Monday, January 16, 2012


The months of January and February are the most difficult for gardeners. It is not yet spring and we have a desperate need for greenery. Houseplants really do not suffice perhaps because there is so little action in them. They are simply “there” and produce little excitement for the gardener who relishes each visual thrill of the outdoor garden. The weather has been
yo-yo, the winds have been wild, and over the weekend foolish geese were seen flying North. The blissful 70 degrees possibly spoke to their instincts without mention of Northern snow warnings.

With the warm weather the precious Periwinkles have begun to bloom. They are always among the first arrivals in the spring, and so their presence speaks of good things to come. They are actually Vinca minor, and their common name comes from their lovely lavender-blue color. It is such a distinct shade that it is listed as ‘periwinkle’ on the color chart and has its own Crayola crayon!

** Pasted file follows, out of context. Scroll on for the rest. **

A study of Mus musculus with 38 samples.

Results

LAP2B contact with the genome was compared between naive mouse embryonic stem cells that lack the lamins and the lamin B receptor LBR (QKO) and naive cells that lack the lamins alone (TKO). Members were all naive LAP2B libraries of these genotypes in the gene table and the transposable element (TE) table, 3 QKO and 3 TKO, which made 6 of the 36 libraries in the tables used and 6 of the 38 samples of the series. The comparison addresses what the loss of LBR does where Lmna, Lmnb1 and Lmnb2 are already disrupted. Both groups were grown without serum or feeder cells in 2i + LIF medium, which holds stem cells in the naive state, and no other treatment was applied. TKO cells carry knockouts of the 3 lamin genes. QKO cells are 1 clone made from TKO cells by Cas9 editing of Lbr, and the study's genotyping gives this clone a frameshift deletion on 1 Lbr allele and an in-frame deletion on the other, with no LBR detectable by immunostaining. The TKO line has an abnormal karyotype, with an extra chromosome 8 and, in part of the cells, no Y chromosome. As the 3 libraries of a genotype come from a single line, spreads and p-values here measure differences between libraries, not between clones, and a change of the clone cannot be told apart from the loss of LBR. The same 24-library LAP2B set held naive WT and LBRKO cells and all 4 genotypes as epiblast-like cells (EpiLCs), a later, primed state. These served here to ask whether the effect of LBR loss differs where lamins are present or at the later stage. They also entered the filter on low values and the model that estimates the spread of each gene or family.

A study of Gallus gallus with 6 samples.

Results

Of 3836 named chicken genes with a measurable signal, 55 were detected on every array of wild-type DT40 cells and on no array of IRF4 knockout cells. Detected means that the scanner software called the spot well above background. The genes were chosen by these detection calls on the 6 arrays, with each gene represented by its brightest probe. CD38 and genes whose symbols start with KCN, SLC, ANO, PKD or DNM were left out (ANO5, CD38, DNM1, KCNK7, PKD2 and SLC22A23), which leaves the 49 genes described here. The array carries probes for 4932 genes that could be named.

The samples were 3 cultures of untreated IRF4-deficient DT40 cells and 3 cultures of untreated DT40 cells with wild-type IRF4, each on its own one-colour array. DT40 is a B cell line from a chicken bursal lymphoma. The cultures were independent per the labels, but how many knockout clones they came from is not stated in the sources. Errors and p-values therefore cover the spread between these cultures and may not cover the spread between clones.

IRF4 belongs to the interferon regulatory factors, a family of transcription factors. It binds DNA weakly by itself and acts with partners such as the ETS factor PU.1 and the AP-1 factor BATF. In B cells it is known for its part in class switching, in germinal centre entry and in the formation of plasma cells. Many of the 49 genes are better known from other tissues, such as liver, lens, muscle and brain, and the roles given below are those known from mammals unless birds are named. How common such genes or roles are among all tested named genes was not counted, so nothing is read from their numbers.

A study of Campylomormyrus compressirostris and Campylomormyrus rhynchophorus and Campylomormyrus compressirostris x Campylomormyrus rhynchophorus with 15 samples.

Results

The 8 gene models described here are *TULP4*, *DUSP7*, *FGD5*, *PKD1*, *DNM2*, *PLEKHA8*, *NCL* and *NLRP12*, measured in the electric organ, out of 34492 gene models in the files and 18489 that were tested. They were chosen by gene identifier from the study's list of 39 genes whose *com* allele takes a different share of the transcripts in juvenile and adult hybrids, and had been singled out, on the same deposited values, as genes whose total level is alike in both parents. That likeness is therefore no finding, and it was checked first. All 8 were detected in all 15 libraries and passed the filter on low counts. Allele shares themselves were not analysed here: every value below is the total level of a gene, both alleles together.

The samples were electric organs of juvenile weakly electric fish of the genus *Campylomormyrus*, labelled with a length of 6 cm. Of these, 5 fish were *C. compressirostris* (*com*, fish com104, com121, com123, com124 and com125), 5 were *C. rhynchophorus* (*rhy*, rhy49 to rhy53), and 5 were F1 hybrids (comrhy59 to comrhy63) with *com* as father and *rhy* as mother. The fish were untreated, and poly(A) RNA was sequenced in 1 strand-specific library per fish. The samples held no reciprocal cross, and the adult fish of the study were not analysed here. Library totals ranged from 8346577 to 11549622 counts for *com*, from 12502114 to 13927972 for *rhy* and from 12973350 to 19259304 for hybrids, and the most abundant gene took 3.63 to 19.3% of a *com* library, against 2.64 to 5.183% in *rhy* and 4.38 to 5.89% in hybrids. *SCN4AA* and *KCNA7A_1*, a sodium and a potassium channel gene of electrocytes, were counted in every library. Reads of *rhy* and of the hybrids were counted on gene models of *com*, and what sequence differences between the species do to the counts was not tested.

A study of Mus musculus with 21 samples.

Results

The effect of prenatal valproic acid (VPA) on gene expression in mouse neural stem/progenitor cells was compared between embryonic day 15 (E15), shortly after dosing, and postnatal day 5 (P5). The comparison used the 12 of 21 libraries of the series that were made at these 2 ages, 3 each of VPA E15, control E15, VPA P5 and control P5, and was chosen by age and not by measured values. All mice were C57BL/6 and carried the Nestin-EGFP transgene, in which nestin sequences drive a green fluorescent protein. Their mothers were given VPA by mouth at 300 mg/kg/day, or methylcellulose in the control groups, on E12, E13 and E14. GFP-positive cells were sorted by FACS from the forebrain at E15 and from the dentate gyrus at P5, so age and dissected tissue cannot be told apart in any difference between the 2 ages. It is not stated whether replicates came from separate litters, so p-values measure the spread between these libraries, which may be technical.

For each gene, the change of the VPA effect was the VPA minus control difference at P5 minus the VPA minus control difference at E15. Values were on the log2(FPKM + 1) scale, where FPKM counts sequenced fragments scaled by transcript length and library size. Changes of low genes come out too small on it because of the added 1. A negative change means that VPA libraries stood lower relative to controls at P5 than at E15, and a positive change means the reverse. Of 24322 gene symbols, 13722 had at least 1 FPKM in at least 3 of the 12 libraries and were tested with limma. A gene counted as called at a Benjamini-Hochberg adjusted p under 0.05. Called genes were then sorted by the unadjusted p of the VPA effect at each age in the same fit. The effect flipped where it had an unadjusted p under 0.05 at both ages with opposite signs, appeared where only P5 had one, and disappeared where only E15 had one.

Vinca minor is a very hardy short trailing sub shrub that travels along the ground while maintaining ever green glossy leaves. The sweet flowers will begin to bloom at first spring and continue through fall. If they are cut and placed in a vase, they will continue to put on new flowers for weeks, making them a very welcome guest during the winter months.

Vinca minor is commonly planted under trees where grasses have no chance of survival and also to stop erosion. It is extremely hardy and deer resistant and withstands drought with amazing success. A testament to its hardiness is our rather reckless transplant from an abandoned farmhouse… no special care was afforded the sprigs and yet they survived and flourished in deep shade.

Since it is rarely bothered by pests or disease, its tendency to travel has placed it on the infamous ‘Invasive’ list. It should be cautiously planted far from traditional flower beds since the tendrils will grow to 5-10 feet or more and then put down roots wherever they please.

Hybrid Vinca (Catharanthus) is an extremely popular annual requiring sunshine. Differing from its cousins who dress only in blue, it comes in a spectrum of Candyland colors and growers produce exciting combinations each year. Often they will self-seed and appear as tiny babies mid-spring the following year. Be careful not to disturb the infants while working the bed early in the season... they will appear after the first weeds have made an entrance.

Vinca held this low spot on the third level by the swing... it lasted well throughout the drought.